The Big Cost of Small Business Fraud

Small business fraud happens across all countries and social status. Although the figures we shared in this write up is a couple of years old, the trend remains the same and it is clear that small business fraud is costing companies a huge amount of money each year.

Losing Money to Fraud

The Association of Certified Fraud Examiners releases the Report to the Nations on Occupational Fraud and Abuse every couple of years. It showed that in 2016, business fraud for 114 countries clocked in a median loss of $150,000 per company and that it took approximately 18 months before fraud was detected. Another shocking fact is that 76% of fraud was by people from each company’s customer service, purchasing, operations, sales, management, and accounting departments.

Effect of Fraud for Small Businesses

Given the median figure lost to fraud, it isn’t difficult to imagine how much fraud affects small businesses. Generally speaking, small businesses do not have enough buffer to cover a median loss of $150,000, unlike bigger businesses. A business worth $500,000 will no doubt be crippled by a loss of $150,000 versus a business worth a couple of millions which will have an easier time bouncing back. Note too that despite fraud getting uncovered, 58.1% of all victim companies do not ever recover any of their fraud-related losses.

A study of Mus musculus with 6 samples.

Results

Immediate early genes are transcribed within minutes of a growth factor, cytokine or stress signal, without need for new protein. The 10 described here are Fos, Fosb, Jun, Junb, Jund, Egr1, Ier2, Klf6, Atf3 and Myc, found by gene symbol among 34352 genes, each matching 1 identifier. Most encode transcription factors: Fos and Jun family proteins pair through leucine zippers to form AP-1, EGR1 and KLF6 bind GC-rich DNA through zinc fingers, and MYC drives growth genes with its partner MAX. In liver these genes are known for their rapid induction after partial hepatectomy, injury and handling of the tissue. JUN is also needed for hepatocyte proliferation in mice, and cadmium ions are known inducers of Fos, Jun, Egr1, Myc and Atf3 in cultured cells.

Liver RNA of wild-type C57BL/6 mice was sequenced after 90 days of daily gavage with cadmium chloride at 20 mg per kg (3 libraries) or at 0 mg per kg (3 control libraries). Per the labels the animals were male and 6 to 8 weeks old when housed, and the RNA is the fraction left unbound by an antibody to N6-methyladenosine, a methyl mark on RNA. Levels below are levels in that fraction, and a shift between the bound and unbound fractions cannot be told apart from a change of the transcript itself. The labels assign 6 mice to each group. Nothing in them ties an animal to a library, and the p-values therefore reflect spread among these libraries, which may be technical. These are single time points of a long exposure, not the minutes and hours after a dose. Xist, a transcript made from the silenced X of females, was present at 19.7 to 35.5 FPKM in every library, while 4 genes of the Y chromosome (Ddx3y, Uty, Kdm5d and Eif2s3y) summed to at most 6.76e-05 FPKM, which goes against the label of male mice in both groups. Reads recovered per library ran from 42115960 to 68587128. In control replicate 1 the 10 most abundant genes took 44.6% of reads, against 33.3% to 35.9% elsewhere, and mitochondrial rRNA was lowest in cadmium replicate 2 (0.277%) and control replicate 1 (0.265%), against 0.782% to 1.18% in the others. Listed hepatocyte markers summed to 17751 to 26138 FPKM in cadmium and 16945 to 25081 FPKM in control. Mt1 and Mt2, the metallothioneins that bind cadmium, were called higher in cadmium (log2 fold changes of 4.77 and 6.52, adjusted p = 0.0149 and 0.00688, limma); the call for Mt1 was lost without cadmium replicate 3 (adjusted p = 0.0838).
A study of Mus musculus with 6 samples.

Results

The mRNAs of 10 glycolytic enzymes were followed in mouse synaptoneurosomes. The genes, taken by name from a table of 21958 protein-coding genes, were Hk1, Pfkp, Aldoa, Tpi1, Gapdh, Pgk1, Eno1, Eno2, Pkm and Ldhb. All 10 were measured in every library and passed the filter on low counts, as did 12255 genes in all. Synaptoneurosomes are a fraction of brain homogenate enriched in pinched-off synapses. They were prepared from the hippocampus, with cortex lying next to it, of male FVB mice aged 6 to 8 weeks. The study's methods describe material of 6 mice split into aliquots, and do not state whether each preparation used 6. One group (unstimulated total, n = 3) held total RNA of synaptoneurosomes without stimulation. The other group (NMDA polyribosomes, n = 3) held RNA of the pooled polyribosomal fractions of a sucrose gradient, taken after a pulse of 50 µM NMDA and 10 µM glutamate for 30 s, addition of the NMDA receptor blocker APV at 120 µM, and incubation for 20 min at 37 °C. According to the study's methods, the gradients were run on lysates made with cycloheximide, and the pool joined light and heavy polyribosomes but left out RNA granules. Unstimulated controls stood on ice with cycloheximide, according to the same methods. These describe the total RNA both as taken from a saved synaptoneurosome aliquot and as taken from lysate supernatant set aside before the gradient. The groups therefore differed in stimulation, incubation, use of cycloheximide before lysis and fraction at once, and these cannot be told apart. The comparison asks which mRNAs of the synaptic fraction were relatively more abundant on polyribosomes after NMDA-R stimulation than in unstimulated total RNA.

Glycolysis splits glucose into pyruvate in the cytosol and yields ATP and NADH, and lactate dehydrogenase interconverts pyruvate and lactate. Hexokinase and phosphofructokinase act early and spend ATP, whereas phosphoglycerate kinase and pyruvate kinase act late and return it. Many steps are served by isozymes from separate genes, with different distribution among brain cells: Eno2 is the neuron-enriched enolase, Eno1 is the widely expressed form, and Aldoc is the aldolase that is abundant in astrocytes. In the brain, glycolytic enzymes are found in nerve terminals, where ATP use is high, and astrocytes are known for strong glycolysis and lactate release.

Now, consider too that more than 23% of victimized companies lose more than $1,000,000. A loss this huge will force a small business to close doors or downsize to the point of only operating with a skeleton crew.

It is Time to Act Against Fraud

With the scary figures shared above, there is no better time to act against small business fraud than now. There is no need to wait until you uncover fraud in your organization when you can work against preventing it now. If you are a small business owner, you may want to take a closer look into how you run your company because it is small businesses that often do not have the correct measures to prevent occupational fraud from happening, to begin with.

Try to look from the top going to the bottom. Why? Because chances are that you’ll lose more to a manager committing fraud than an employee sneaking out a few office supplies home. Optimizing your internal control is one of the best ways you can prevent fraud in your business.

You can also implement counter checks to prevent fraud. You can start with making sure that there are multiple people with separate duties who are responsible for handling accounts payable and accounts receivable. This will minimize the possibility of an individual manipulating records to pocket some of the company’s funds. If this is not feasible for you, you can make use of digital tools that you can access anywhere you may be or perhaps outsource your bookkeeping so that a third party can easily detect any suspicious activity.

There are a lot more solutions to prevent small business fraud other than the ones outlined above. If you’re keen to know more, contact us.